The spider failed to snag a butterfly, so it went for Plan Bee.
That would be the honey bee, Apis mellifera.
The bee is usually foraging for nectar and pollen and not that aware of her surroundings, especially a cunning and very hungry spider.
So this orbweaver lies in wait for prey to appear on its "dinner plate." A venomous bite and the bee is paralyzed. And dinner is served à la carte.
It's not what Ernest Hemingway would call a pretty sight. But then again, everything eats in the garden.
Repeat: Everything eats in the garden whether we want it to or not.
If you have a passionflower vine (Passiflora), you probably have cats.
No, not the four-legged ones that meow, chase mice or cavort with catnip.
These 'cats or caterpillars are part of the life cycle of the Gulf Fritillary butterflies (Agraulis vanillae) and Passiflora is their host plant.
Watch for the chewed leaves, the frass (poo) and the chrysalids.
Expect a cat-tastrophe when predators like the California scrub jays, European paper wasps, and praying mantids appear and the 'cats disappear.
The circle of life...
It's early morning and the spider is hungry.
It snares a honey bee foraging for pollen and nectar in a patch of Mexican sunflowers (Tithonia rotundifola) in a Vacaville pollinator garden.
The spider slides down the sticky web, kills its prey with a venomous bite, and begins to eat.
The spider is not alone. It soon has unexpected dining partners: tiny freeloader flies (family Milichiidae) who did no work but insist on their share of the free food.
Indeed, orbweavers are artists. Wrote Emily Dickinson (1830-1886) in her poem, "The Spider as an Artist":
The spider as an artist
Has never been employed
Though his surpassing merit
Is freely certified.
Today was a good day for an unemployed artist, freely certified, too--and a good day for the freeloaders, certified hungry.
Emily Dickinson? She wrote many poems with references to such arthropods as bees, spiders, butterflies, flies and gnats,
Emily Dickinson's Arthropods
The year 2020 felt like a close encounter of the worst kind.
The raging COVID-19 pandemic, the California wildfires, the political scene, the poverty, the racial uprisings, the stay-at-home mandates, the strife...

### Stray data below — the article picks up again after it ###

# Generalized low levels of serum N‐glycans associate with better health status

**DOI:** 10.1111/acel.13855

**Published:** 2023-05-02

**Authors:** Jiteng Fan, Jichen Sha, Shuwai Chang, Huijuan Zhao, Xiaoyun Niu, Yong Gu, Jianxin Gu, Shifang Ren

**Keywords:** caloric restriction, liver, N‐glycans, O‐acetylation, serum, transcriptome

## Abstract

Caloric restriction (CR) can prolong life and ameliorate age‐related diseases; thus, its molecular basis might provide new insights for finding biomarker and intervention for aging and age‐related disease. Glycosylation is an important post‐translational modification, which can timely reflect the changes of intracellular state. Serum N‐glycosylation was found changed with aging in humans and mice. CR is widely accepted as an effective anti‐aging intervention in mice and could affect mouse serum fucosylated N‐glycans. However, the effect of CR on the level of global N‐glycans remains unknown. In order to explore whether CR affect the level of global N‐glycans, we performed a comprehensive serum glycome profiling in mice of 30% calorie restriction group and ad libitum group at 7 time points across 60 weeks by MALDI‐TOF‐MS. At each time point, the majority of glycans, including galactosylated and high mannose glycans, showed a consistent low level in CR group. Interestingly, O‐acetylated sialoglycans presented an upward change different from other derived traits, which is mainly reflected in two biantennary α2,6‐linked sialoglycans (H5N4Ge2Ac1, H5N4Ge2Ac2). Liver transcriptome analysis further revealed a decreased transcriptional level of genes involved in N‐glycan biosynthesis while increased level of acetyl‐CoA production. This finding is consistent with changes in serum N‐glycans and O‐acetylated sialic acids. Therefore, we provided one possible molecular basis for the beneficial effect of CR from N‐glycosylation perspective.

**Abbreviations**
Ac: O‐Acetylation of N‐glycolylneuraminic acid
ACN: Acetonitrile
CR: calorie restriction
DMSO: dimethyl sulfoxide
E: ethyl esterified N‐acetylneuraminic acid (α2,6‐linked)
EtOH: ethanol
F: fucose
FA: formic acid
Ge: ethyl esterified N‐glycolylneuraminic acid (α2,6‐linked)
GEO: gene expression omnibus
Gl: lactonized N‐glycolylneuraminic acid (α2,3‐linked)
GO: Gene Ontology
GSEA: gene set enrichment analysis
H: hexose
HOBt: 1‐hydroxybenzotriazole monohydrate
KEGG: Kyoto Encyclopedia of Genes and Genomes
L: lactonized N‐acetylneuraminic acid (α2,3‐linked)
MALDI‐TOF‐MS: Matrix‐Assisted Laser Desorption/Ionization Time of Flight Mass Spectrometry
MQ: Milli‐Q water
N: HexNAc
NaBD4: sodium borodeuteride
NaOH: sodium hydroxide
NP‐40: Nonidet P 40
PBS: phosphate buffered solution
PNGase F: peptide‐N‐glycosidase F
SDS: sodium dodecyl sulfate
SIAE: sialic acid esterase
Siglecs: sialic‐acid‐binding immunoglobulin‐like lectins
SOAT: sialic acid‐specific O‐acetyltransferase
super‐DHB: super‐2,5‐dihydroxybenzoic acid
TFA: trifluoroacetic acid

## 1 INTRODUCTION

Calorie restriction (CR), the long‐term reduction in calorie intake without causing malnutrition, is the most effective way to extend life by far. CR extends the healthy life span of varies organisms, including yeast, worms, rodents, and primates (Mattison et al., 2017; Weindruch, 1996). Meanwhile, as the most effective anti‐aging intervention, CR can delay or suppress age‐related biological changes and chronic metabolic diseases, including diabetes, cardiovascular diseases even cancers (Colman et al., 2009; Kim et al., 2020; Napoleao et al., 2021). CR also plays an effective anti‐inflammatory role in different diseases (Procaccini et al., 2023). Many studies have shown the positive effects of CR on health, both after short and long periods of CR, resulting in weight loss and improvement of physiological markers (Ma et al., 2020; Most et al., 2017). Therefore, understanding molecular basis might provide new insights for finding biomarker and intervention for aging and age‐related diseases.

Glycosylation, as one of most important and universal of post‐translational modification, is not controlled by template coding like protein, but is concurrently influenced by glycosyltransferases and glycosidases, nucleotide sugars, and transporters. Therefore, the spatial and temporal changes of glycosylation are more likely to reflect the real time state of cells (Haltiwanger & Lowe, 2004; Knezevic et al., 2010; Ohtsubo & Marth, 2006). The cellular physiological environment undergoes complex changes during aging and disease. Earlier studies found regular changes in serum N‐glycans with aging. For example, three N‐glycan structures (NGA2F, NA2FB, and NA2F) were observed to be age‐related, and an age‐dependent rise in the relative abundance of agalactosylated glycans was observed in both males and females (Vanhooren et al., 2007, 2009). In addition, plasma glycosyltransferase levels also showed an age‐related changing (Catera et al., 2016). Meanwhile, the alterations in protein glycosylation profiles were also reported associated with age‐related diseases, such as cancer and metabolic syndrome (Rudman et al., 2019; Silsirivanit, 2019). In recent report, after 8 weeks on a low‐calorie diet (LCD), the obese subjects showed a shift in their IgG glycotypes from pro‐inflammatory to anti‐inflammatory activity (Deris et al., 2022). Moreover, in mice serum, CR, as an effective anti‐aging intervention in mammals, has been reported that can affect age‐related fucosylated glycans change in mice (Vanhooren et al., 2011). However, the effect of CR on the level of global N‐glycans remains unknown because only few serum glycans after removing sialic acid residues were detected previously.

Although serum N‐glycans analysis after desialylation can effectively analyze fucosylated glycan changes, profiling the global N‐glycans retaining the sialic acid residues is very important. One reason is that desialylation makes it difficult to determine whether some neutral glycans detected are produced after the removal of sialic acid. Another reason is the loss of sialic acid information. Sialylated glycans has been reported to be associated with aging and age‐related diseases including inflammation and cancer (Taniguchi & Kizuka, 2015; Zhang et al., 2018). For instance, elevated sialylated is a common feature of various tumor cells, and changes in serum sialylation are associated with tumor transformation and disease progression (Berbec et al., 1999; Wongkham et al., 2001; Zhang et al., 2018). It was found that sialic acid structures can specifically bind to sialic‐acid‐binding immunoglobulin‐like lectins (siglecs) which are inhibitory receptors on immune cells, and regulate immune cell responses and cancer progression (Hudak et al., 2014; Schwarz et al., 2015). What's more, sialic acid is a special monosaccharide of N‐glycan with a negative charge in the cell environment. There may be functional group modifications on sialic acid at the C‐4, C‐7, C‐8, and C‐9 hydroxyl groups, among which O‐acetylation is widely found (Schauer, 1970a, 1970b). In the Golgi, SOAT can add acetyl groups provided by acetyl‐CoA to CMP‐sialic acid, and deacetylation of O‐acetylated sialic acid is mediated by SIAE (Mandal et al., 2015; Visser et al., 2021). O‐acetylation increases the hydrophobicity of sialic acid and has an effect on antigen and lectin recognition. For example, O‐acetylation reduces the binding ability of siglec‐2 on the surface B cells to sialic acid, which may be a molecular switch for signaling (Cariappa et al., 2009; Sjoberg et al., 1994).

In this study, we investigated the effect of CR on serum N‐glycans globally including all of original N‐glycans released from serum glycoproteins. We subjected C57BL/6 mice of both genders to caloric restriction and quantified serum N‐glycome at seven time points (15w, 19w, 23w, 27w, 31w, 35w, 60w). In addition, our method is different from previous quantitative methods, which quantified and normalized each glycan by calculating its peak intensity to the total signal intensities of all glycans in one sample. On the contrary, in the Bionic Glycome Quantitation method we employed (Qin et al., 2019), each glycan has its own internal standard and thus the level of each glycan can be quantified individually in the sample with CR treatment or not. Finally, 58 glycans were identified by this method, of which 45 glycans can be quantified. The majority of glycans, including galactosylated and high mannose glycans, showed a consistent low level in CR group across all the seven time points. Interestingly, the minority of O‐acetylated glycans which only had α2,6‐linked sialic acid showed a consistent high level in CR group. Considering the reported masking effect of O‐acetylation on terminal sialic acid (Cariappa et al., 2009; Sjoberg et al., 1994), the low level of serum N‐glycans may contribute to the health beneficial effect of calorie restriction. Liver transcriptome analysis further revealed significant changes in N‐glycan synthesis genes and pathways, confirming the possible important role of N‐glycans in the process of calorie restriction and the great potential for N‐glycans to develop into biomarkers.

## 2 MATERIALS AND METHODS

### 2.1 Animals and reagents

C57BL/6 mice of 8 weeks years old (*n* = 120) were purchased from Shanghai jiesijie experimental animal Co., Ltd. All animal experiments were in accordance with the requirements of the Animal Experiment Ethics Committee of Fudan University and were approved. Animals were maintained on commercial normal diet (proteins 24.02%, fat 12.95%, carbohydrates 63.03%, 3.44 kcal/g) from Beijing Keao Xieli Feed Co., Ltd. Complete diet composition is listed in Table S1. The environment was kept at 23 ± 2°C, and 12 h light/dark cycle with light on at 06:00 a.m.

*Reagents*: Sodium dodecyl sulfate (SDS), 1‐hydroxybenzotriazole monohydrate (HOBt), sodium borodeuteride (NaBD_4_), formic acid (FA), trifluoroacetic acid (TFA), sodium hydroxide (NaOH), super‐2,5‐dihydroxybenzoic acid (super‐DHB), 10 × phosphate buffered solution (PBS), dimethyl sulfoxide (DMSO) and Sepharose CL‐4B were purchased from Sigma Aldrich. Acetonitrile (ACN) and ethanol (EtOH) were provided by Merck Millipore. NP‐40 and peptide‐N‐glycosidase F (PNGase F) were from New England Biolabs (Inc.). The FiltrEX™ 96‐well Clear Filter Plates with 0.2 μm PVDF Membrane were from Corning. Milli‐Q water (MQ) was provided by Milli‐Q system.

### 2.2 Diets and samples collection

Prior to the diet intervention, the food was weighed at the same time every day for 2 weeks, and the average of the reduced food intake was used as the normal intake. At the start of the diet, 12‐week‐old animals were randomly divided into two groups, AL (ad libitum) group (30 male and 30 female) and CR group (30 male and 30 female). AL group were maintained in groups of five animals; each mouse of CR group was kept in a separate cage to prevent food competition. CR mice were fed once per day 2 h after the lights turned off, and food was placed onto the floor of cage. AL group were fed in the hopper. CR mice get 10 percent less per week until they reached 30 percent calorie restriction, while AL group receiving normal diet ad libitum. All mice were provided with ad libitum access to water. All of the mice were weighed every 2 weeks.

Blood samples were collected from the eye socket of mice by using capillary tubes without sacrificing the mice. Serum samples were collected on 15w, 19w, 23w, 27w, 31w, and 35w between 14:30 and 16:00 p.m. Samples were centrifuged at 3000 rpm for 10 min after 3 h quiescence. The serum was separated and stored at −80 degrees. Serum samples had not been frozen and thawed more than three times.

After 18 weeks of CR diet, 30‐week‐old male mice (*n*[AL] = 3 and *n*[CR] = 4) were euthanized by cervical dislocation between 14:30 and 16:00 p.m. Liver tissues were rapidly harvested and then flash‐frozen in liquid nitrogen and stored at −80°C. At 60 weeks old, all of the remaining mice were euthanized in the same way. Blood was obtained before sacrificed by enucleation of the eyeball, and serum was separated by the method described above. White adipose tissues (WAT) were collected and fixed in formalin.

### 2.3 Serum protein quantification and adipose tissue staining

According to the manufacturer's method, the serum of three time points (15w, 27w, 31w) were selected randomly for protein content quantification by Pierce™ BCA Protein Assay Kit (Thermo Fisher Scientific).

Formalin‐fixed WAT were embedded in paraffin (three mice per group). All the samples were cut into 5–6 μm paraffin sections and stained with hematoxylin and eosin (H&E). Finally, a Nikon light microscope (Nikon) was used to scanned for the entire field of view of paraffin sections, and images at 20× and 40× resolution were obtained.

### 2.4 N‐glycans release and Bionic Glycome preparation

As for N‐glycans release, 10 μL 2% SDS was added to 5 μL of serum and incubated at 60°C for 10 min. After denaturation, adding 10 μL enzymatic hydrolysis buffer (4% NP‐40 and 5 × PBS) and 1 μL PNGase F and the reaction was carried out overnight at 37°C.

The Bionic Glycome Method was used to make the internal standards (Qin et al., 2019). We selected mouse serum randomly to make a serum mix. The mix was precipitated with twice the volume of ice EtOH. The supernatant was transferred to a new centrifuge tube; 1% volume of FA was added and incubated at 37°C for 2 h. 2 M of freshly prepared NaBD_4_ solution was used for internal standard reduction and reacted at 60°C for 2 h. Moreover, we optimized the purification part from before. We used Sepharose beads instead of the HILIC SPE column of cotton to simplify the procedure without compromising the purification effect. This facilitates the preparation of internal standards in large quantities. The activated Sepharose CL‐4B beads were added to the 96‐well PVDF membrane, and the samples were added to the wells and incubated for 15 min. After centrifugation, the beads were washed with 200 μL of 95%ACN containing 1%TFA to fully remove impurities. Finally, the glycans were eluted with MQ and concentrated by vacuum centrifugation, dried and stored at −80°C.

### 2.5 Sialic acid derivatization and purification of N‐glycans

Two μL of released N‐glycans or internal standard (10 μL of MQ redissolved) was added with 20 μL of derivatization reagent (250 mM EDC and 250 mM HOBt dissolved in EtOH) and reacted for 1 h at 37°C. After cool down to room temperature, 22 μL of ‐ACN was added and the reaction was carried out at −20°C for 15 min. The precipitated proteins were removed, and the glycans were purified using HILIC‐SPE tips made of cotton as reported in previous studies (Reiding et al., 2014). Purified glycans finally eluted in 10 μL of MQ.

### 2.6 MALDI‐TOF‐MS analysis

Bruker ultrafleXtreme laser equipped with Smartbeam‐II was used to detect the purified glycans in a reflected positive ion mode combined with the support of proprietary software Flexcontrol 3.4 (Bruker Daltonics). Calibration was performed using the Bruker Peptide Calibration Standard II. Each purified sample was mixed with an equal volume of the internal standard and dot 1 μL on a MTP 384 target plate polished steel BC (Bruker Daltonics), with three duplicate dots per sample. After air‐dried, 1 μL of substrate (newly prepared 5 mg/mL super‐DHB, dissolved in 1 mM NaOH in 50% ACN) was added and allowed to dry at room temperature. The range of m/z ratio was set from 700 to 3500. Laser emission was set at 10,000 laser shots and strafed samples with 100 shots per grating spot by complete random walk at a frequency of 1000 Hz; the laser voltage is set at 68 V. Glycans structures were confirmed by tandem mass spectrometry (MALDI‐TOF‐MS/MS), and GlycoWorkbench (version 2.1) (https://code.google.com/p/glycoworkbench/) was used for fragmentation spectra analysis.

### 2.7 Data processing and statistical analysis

When the Washington Post recently asked its readers to describe 2020 in one word, more than 2000 responded. These three words tumbled out the most: "exhausting," "lost" and "chaotic." Readers also defined 2020 as "surreal," "relentless," "fallow," "limbo," "heartbreaking," "nightmare," "broken dreams," "stifling," "dumpster fire," and simply "ugh!"
"Ugh?" That's right. We never knew what was coming at us next.
At times it seemed as if we were the prey, trying to escape hundreds of hungry, circling predators.
We remember this encounter last summer between a praying mantis, a female Mantis religiosa, and a Gulf Fritillary butterfly, Agraulis vanillae, on a fenceline bordering our pollinator garden in Vacaville, Calif. Here's the mantis, lying in wait by the passionflower vine, ready to ambush any "suitable prey" that comes within her reach. Along comes a Gulf Fritillary, which the mantis defined as "quite suitable."
The mantis pounced, but couldn't wrap its spiked forelegs around the butterfly. The mantis finally settled for a caterpillar.
So, as we end the year 2020, the key word should be "escape." Like the butterfly, we need to be find our way out of the clutches of a cunning predator, one cunning predator at a time.
Here's hoping for a Happy New Year!
Heads will not roll.
The Hunger Games will not begin.
Preying does not always work.
It's Aug. 2, 2020 and a praying mantis decides to occupy a specially stunning Mexican sunflower. Specifically, it's a female Stagmomantis limbata occupying a Tithonia rotundifolia.
It's a brilliant day, the kind of day that makes you love the world and everything in it. You know those kinds of days? No? Thought not. Me, neither.
A honey bee, Apis mellifera, lands on the Orange Blossom Special—no connection to the deluxe-passenger train that Johnny Cash made famous, the train that links New York City to Miami.
Ah, but it's a brilliant day, yes, indeed.
Ms. Honey Bee begins sipping nectar to share with her colony.
Ms. Mantis has no intention of sharing anything.
Ms. Mantis: “Well, hello there, Ms. Honey Bee! You are looking quite delicious today!”
Ms. Honey Bee: “Excuse me? Oh, yes, this nectar is delicious. Try some!”
Ms. Mantis: “No, thanks, I am a carnivore.”
Ms. Honey Bee: “Well, I'm a vegetarian!”
Ms. Mantis: “Well, I can bite your head off.”
Ms. Honey Bee: “That would not be a nice thing to do. Where are your manners?”
Ms. Mantis: “Manners? Do you think I'm Ms. Manners? I'm Ms. Mantis not Ms. Manners.”
Ms. Honey Bee: “Well, just telling you that I'm a vegetarian.”
Ms. Mantis: “I eat vegetarians.”
Ms. Honey Bee: "Not today!" Abruptly, she takes flight, buzzing off faster than Johnny Cash can mimic the "choo choo" of the Orange Blossom Special.
Conclusions? There are three:
- Heads do not always roll when a flower is double-occupied by a praying mantis and a honey bee.
- The Hunger Games do not always begin.
- Preying does not always work.
(Editor's Note: No organisms were injured in the making of these photographs. The mantis wanted to, though!)